I visited this amazing place two weeks ago with the Garden Writers. It was the same day that I visited Naumkeag and The Mount.
Until I got the itinerary for our day trip to the Berkshires, I had never heard of Bartholomew’s Cobble. And from what I could gather, most of my fellow trip attendees hadn’t heard of it either. The name was strange to us and we weren’t quite sure what we would find there. I kept referring to it as “the place with the ferns.”
Well, yes. Even in a drought year, it has the most amazing assortment of ferns, including some found no where else in North America (if I have that right). But that’s not all this place is.
First take a look at their web site, found here. If you click on the tab “history” and open the “archives” you can see a list of everything found here and it’s impressive. The spring wildflowers alone would be worth a return visit.
But even for those not interested in plants there is much to do here. There is canoeing on the Housatonic River. There are nature programs for children. And for geology buffs, this place is a hidden gem.
I, of course am a gardener, but one of my childhood interest was in rocks. So I was quite interested to learn that the Berkshires is one of the oldest mountain ranges in the world (who knew?) It is still being eroded (which is why it is relatively gentle–here in Connecticut we refer to our part of the range as hills). Parts of the range have been found as far away as Kansas.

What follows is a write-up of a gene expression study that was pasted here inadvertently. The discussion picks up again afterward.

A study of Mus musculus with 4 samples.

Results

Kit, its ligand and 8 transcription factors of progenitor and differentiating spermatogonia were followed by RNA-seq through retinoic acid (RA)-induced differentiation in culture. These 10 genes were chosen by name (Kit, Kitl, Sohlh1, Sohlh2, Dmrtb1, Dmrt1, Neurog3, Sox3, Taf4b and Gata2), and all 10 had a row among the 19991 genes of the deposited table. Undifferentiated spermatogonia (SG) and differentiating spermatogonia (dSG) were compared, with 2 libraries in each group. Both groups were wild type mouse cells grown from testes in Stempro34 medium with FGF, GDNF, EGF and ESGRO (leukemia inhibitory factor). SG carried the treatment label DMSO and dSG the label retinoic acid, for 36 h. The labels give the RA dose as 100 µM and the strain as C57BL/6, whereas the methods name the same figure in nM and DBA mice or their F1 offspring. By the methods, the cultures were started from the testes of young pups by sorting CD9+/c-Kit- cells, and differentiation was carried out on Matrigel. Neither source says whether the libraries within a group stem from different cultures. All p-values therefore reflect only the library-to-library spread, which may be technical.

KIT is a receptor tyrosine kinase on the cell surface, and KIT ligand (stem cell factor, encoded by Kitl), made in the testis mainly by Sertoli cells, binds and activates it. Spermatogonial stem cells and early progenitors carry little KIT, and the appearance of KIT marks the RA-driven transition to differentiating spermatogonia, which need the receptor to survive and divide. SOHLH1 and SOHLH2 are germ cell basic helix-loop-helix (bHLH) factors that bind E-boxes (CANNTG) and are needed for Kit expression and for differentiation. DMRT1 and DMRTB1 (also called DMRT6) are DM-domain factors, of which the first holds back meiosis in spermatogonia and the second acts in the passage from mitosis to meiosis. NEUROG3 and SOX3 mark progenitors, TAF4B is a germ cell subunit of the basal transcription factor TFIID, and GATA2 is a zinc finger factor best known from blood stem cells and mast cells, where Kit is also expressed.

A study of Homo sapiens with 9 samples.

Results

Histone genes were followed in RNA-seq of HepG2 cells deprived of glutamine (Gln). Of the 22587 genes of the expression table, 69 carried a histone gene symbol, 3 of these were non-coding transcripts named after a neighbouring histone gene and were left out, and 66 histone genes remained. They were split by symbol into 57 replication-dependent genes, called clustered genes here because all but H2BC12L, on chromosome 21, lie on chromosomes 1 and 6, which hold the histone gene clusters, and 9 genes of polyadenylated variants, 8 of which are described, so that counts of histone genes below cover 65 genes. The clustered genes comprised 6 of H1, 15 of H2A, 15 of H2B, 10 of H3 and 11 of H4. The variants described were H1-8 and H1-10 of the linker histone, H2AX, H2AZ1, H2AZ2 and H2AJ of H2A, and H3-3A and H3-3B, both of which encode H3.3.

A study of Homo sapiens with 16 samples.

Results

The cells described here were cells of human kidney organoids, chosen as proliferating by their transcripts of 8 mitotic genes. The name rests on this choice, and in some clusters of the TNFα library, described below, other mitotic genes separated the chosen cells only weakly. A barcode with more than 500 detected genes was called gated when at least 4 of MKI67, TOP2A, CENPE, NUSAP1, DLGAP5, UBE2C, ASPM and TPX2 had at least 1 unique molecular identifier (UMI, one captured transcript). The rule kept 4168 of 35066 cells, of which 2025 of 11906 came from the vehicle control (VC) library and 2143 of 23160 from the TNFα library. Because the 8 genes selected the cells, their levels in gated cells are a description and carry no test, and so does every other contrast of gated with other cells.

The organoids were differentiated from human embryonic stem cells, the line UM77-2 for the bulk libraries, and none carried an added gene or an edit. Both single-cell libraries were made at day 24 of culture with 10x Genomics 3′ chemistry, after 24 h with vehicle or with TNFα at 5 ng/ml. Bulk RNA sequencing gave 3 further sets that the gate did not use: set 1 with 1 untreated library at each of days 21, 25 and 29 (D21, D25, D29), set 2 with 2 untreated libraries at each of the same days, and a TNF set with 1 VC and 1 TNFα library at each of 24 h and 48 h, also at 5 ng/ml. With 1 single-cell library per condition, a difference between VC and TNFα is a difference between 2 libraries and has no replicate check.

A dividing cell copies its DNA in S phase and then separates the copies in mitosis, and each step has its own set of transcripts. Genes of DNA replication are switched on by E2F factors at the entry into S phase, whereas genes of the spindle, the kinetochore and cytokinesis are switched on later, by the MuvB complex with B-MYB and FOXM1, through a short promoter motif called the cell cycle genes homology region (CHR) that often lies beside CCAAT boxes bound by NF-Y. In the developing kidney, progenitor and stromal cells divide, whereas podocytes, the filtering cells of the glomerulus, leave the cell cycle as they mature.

The entire area is over 300 acres with several trails. There is a beaver dam, woodland trails, meadow trails and trails that oversee agricultural vistas. In short, there is something for almost everyone, although light to moderate hiking ability is required. (I noticed a remark on one of the other web sites that “hand rails for seniors would be a good idea.” I will remark that several folks in my group turned back on the trail we were on despite the presence of hand rails at this place.)
If ability permits, this place is well worth a visit, as the view, and the foliage are definitely spectacular. I can only imagine what they would be like were we not in drought!